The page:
Assistant commonwealth attorney says department is looking into other reports

GILES COUNTY, Va. – As one local human trafficking case comes to a close, investigators in Giles County are looking into new leads of others who may have been trafficked in the area by other local predators.
     
Gary Gusler, 55, of Newport, signed a plea agreement Wednesday in Giles County Circuit Court, admitting to human trafficking and abduction charges.
     
Gusler was sentenced to 30 years behind bars, but all but but six years and 12 months were waived, meaning Gusler will only serve a 7-year sentence, including time already served.

Assistant Commonwealth Attorney Debra K. Sifford said Gusler had been trafficking local women for at least 15 years. In that time, 24 women have been identified as victims. Many of them came in contact with the public, but no one realized what was going on or tried to help until now.

It wasn't until a Giles County deputy overheard Gusler's phone calls with an inmate at the New River Valley Regional Jail that the investigation was brought to light.

"He came to me and said, 'This doesn't sound right,'” Sifford said. “He said, 'I don't know what it is, but it doesn't sound right.'"

According to details released in court, in an attempt to blackmail one of the victims, Gusler reported her for stealing, after she refused to have sex. That accusation led to more details about the case, as well as more victims, being revealed.

Sifford said the victims reported the issue to probation officers or other police officers, but because of their criminal records involving drugs or prostitution, they were not believed.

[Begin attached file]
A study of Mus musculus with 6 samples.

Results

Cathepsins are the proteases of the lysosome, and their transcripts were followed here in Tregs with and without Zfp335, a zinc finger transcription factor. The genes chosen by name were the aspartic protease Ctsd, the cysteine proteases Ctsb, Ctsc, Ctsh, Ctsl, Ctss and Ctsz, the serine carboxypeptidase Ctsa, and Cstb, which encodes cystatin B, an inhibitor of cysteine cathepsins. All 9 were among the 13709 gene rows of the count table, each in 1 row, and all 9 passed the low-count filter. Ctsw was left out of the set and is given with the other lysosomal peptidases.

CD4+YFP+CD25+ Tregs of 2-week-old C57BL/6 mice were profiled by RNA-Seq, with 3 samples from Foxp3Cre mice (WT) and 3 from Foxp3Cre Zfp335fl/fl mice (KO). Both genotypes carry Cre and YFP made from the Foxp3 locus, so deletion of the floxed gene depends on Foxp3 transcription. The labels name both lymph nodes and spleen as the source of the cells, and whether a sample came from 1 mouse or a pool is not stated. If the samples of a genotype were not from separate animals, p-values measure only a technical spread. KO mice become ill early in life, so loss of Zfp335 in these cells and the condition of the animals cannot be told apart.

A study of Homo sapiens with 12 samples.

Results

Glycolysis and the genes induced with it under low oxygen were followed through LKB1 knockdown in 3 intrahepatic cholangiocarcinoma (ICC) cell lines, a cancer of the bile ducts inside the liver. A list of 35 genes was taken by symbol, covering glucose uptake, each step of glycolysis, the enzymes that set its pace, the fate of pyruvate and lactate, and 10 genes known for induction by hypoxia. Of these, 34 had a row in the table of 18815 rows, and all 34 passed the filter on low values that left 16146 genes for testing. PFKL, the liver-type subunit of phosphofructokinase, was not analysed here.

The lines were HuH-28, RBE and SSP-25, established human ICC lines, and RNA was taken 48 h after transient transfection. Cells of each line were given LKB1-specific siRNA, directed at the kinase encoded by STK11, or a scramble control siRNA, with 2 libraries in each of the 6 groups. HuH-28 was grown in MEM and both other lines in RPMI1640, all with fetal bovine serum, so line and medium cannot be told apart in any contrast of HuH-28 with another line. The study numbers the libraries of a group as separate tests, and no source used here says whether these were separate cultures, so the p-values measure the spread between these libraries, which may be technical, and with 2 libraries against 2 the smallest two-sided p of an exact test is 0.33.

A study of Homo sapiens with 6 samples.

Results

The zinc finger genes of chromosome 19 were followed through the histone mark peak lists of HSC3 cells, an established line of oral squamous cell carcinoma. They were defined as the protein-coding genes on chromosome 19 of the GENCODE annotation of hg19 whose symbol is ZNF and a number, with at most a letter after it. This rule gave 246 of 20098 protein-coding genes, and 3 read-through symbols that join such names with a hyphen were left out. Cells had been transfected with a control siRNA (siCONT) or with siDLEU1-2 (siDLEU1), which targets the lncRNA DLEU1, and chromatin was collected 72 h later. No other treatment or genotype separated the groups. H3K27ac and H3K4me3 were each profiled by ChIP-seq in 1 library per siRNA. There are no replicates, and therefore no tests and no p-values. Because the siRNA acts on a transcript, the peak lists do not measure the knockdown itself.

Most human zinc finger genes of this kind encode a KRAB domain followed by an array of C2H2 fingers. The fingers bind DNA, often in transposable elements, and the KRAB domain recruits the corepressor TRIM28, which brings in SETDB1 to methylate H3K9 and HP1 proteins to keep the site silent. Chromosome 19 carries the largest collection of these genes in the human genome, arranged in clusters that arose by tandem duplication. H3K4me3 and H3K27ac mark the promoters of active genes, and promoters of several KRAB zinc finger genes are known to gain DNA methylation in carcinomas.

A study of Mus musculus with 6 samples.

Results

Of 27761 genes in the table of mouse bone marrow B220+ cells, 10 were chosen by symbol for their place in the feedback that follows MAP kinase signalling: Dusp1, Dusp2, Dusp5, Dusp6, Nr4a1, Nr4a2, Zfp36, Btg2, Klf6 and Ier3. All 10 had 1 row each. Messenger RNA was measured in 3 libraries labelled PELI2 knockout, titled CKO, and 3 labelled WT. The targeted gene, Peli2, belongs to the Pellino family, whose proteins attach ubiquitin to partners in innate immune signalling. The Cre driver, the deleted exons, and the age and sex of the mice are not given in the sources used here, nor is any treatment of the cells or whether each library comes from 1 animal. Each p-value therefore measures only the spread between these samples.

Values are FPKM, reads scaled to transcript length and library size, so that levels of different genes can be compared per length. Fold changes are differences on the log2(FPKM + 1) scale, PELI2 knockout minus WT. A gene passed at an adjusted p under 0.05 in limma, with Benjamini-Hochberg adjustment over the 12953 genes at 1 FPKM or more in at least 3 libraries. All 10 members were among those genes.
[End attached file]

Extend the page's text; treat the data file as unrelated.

Once Gusler was behind bars, Sifford said, her office was overwhelmed with women who came forward.

"Once he was arrested, we started getting calls from victims. We weren't looking for them. They started calling us. We had women who came on their own from as far as three-hour drives away to interview with us,” Sifford said.

Keith Farmer, the director of Straight Street and its branch, Street Ransom, an organization for human trafficking victims in Roanoke -- said he wasn’t surprised that a case was found here in the region.

"It's sad that it happens so close to home, but it's not a surprise that it happens,” Farmer said.

Farmer said the belief that human trafficking involves people being captured from another country and brought into the United States is a false stereotype. In reality, he said, 80 percent of these cases are domestic, involving local people.

“And so that's the majority and often it flies right under the radar. People may think it looks a little bit odd, but they don't realize if they should do something or say something, but they should,” Farmer said.

The tactic Gusler used, bonding vulnerable women out of jail in exchange for sex and labor, isn't uncommon.

"The tactic is just one of many. Perpetrators, traffickers, will find out what is someone's vulnerability and they will prey on those," Farmer said.

For more information about signs to look to determine if human trafficking is occurring, visit the Street Ransom website.